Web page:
Drew Peterson back in court for motion rulings

July 3, 2012 4:42:58 PM PDT
A judge ruled Tuesday that the bathtub that Drew Peterson's third wife was found dead in cannot be brought into court.

Peterson was on hand as prosecutors and his defense attorneys argued over the major piece of evidence.

Prosecutors are calling it the murder weapon - they went to court to ask the judge to allow the jury to see Kathleen Savio's bathtub. Savio, the former Bolingbrook cop's third wife, was found dead in the dry tub in 2004 in her Bolingbrook home.

The defense says Savio drowned after she slipped and fell, while the state claims Peterson killed Savio in the tub and staged it as an accident.

Will County Assistant State's Attorney John Connor argued that it is important for the jury to actually touch and see the size of the tub.

"The problem with the tub is you're only giving the jurors a partial view of what bathroom actually looked like, and if you listen to my argument, and if you look at the photographs, you'll see there's a wall, there's a stained glass window, there's various items there that she could have tripped over," said Peterson's attorney, Joe Lopez.

Lopez also argued the tub would only be brought into the courtroom for dramatic effect. The judge sided with the defense and will not let the jury see the tub. However, the judge did not close the door on the subject.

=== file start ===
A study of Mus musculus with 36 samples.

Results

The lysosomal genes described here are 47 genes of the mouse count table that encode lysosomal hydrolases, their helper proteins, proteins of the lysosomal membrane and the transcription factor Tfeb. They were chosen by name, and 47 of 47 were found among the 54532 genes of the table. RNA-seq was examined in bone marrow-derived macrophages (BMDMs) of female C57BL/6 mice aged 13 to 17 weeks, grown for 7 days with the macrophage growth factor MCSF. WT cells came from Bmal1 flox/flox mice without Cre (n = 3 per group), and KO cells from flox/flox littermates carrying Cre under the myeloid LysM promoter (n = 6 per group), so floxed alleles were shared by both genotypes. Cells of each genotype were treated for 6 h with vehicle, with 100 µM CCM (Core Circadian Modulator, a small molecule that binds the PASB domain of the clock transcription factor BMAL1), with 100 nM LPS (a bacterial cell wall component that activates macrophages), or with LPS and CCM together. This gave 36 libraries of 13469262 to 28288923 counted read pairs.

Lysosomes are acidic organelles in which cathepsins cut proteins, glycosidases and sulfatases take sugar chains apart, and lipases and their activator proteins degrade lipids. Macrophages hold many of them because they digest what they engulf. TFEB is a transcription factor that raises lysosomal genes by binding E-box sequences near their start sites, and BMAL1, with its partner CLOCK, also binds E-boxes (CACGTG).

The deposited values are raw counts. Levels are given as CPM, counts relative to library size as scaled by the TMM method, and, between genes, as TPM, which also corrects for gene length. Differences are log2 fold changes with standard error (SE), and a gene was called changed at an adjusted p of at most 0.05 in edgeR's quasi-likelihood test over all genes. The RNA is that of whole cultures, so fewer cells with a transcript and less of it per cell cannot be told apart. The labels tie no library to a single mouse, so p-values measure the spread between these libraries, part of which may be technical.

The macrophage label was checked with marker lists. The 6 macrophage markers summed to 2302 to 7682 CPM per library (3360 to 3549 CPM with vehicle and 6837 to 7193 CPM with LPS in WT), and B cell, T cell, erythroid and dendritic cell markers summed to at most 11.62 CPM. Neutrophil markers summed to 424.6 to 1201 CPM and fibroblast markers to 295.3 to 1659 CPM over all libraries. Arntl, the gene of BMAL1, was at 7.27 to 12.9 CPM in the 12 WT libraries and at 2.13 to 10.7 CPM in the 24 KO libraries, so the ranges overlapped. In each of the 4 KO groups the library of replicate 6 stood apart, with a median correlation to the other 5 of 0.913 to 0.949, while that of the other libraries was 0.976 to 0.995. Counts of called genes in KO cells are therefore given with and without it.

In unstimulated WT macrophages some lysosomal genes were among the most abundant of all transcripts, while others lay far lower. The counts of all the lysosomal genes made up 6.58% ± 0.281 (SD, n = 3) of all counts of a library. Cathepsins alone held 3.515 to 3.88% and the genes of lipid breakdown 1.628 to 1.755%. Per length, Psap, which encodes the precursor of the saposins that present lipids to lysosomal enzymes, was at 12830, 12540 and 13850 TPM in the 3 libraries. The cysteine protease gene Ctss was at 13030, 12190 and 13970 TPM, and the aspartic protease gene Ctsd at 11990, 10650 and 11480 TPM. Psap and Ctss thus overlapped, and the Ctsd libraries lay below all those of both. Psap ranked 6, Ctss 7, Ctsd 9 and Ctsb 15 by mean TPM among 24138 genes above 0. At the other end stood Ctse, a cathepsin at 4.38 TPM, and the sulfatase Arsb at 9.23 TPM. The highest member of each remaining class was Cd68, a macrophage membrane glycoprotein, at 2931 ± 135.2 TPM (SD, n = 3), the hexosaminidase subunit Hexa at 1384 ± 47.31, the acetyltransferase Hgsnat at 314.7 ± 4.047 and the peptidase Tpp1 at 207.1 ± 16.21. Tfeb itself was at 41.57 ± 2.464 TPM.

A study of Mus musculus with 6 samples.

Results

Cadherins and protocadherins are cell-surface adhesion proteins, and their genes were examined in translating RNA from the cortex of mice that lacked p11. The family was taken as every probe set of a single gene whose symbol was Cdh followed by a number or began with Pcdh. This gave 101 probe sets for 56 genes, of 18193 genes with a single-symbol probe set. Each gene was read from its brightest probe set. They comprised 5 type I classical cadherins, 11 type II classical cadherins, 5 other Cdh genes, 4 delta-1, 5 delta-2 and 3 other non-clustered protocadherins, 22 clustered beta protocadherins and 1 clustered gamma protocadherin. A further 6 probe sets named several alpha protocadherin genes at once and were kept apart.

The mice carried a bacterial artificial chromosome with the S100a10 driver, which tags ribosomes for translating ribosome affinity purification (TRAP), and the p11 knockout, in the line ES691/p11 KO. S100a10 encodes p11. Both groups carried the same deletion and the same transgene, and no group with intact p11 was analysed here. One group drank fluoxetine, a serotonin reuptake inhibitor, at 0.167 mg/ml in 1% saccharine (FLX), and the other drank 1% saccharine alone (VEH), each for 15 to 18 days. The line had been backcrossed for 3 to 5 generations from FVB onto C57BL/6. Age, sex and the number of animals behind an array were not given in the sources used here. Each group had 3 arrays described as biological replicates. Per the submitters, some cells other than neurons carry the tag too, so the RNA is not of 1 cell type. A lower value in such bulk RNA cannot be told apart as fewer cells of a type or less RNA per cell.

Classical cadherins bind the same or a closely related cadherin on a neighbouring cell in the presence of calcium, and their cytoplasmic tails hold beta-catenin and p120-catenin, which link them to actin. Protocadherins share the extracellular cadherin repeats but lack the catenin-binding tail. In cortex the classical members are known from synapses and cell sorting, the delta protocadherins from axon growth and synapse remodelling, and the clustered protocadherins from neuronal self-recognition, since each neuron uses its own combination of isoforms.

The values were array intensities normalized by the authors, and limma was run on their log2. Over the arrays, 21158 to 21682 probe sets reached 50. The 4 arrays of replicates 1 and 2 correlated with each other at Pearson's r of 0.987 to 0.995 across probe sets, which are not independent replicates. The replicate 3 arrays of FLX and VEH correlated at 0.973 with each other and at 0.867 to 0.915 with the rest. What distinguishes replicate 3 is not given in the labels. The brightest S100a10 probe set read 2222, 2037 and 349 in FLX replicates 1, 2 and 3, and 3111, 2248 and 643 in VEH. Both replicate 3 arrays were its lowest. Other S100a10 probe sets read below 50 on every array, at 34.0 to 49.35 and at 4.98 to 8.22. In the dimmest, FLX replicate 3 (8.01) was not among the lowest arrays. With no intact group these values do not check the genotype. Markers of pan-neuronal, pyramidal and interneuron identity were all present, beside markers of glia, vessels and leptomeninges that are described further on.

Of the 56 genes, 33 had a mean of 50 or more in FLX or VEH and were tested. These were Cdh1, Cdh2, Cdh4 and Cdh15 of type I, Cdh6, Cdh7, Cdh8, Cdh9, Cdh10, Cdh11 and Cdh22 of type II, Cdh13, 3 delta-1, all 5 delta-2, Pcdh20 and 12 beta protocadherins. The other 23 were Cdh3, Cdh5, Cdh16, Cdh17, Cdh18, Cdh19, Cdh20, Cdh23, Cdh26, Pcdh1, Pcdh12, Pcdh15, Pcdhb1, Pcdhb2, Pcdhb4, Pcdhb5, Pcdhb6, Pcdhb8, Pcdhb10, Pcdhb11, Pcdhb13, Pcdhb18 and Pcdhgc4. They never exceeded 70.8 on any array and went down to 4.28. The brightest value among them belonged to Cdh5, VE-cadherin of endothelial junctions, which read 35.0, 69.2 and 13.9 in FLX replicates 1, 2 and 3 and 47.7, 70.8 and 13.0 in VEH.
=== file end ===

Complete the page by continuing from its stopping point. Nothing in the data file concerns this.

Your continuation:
"The judge has left the door open if the tub is reinstalled to a potential visit by jury," said Will County State's Attorney James Glasgow.

"I wouldn't support that, because I don't think the government should be marching into people's homes reinstalling fixtures that they have out," said Lopez.

While Judge Edward Burmilla ruled with the defense on the bathtub motion, he struck down their request in another effort to have some hearsay testimony concerning statements from Kathleen Savio banned from the trial.

"Judge Burmilla's rulings are thoughtful and well-reasoned and he's doing everything that he needs to do to make sure that the evidence comes in in a lawful way and that this defendant will get a fair trial," said Glasgow.

Prosecutors also filed a motion to allow the testimony of an expert in aquatic accidental deaths.

The expert would talk about how rare it is for a healthy person to die from slipping and falling in a bathtub. Because of the late filing, the judge ruled he will not allow the expert's testimony in the trial.

Jury selection is scheduled to begin July 23, with opening statements the following week.